Faculté des lettres

Cultural similarities and differences in couples' adjustment to competing family and work demands

Wang, Zhiyun ; Perrez, Meinrad (Dir.)

Thèse de doctorat : Université de Fribourg, 2010.

Conflicting work and family demands can lead to individual and interpersonal stress in close relationships. The literature suggests that individuals from various cultural contexts differ in how they organize domestic work in the family and in the support they receive from other persons. At the same time, past findings suggest effects of culture on individuals’ emotional behaviors and... Plus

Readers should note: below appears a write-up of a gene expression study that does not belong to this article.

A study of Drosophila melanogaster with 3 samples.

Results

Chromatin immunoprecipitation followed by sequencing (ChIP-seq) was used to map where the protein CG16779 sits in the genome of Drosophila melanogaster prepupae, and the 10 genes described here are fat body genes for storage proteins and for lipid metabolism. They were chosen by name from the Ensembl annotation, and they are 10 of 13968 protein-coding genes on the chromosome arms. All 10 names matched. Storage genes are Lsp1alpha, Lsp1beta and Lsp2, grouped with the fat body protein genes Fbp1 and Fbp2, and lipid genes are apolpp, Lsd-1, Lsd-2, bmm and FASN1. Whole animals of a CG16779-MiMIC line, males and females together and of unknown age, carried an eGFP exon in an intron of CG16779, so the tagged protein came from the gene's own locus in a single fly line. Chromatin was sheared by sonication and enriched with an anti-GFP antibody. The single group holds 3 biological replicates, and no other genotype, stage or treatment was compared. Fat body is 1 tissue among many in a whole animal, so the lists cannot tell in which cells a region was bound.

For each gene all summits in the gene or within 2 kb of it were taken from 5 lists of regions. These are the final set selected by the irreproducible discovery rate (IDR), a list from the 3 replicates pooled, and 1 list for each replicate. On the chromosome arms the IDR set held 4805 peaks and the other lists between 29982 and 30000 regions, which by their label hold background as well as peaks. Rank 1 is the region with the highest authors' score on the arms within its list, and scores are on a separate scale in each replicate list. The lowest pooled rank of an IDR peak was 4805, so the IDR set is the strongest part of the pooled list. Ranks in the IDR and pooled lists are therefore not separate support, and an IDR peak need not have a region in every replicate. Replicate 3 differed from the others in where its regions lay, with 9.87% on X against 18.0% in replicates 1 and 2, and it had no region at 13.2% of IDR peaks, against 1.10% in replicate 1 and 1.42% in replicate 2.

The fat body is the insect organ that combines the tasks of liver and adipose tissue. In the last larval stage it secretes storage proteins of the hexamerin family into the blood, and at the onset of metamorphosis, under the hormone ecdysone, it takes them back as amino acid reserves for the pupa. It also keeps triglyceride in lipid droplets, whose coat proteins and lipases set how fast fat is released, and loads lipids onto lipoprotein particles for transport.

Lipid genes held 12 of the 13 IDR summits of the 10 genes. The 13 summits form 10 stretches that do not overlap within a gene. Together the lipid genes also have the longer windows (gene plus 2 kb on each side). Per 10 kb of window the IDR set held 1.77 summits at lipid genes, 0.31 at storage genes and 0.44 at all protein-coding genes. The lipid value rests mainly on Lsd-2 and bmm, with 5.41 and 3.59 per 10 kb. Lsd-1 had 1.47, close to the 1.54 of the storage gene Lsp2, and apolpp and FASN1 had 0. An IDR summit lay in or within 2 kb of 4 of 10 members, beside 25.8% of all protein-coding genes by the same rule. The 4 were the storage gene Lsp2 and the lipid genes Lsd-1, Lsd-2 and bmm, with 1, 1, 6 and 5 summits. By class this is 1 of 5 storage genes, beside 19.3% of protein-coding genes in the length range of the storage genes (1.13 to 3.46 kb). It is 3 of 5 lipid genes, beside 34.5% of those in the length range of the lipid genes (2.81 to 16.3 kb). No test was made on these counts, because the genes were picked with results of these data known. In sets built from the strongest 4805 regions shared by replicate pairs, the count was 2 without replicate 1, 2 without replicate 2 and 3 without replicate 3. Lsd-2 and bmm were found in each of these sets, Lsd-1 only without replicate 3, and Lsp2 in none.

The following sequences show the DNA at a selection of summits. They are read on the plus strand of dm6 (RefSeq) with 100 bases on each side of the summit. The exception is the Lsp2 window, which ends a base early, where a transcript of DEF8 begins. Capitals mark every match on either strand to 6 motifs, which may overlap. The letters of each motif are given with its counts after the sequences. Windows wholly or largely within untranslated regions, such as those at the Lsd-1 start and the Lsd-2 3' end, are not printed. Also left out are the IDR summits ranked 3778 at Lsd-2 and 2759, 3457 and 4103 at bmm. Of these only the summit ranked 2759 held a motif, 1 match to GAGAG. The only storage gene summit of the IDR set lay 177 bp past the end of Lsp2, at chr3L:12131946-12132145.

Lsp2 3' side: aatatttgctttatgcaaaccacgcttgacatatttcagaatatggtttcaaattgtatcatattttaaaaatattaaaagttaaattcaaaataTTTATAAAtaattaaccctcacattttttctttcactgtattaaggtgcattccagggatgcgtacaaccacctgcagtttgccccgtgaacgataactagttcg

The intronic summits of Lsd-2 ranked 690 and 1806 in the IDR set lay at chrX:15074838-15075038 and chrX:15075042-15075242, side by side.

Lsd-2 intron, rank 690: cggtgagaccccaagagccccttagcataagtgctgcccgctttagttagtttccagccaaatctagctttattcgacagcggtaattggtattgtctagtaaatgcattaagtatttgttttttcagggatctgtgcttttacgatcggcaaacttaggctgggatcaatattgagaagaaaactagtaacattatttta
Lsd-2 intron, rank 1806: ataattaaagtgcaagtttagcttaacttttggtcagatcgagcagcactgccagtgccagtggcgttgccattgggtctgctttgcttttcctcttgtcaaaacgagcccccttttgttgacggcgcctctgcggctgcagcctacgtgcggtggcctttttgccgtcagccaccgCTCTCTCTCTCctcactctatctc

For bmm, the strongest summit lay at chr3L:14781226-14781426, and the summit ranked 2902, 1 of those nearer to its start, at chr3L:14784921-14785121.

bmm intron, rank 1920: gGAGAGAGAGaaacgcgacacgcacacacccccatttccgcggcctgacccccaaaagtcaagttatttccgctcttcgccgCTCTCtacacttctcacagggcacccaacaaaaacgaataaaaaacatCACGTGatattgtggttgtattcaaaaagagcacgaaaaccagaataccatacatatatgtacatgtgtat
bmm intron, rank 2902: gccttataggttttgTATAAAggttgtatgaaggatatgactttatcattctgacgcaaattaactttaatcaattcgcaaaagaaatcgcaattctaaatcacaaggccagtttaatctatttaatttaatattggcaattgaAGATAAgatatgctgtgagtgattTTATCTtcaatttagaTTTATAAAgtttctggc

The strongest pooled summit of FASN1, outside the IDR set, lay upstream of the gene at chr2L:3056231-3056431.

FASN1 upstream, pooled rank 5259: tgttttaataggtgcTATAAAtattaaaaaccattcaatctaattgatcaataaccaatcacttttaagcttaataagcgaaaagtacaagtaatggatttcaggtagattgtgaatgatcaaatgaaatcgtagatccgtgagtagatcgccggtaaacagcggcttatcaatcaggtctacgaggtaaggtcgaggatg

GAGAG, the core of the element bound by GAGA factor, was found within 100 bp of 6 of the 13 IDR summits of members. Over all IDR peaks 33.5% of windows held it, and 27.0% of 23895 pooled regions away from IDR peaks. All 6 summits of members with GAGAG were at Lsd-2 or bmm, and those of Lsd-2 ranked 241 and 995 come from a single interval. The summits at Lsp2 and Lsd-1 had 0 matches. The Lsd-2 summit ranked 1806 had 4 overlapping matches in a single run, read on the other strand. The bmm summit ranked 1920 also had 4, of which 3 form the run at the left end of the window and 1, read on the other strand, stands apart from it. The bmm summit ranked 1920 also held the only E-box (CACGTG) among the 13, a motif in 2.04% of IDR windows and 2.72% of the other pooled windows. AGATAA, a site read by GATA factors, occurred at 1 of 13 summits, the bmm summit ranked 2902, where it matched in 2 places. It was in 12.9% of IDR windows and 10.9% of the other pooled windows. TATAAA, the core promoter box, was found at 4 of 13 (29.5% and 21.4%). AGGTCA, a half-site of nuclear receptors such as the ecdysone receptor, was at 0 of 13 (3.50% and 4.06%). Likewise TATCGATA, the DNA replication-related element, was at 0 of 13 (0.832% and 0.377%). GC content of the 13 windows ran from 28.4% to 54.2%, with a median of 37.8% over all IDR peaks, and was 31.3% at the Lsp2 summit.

Conflicting work and family demands can lead to individual and interpersonal stress in close relationships. The literature suggests that individuals from various cultural contexts differ in how they organize domestic work in the family and in the support they receive from other persons. At the same time, past findings suggest effects of culture on individuals’ emotional behaviors and expression, and on the regulation of negative emotions. Although these topics are likely strongly interconnected, they have rarely been considered together and the cultural differences found are insufficiently understood. The current thesis combines five studies conducted to better understand how culture influences married partners’ behavior and emotion when managing their daily life between the family and the workplace. This research is based on ambulatory assessment data from 623 dual-earner couples from eight cultural contexts. This approach provides good validity to explore individuals’ daily family behavior and emotional experience. We examined working couples’ family work organization, including third party’s contribution, considering collectivistic values at social and individual levels. Moreover, we investigated spouses’ emotional experiences under stressful everyday life conditions in different cultures, and examined the interpersonal consequences and subsequent regulation and recovery of affective experiences. The results showed that spouses in collectivistic cultures received more support from extended family, which might result in a more equal division of family work between spouses. In addition, spouses were more likely to suppress their negative emotional responses to relational stress, and these negative emotions showed more cross-over effects between spouses, while spouses needed more time to recover under relational stress in collectivistic cultures than in individualistic cultures. Overall, the findings provided further evidence to a cultural effect on individuals’ daily behavior and emotional experience in close relationships.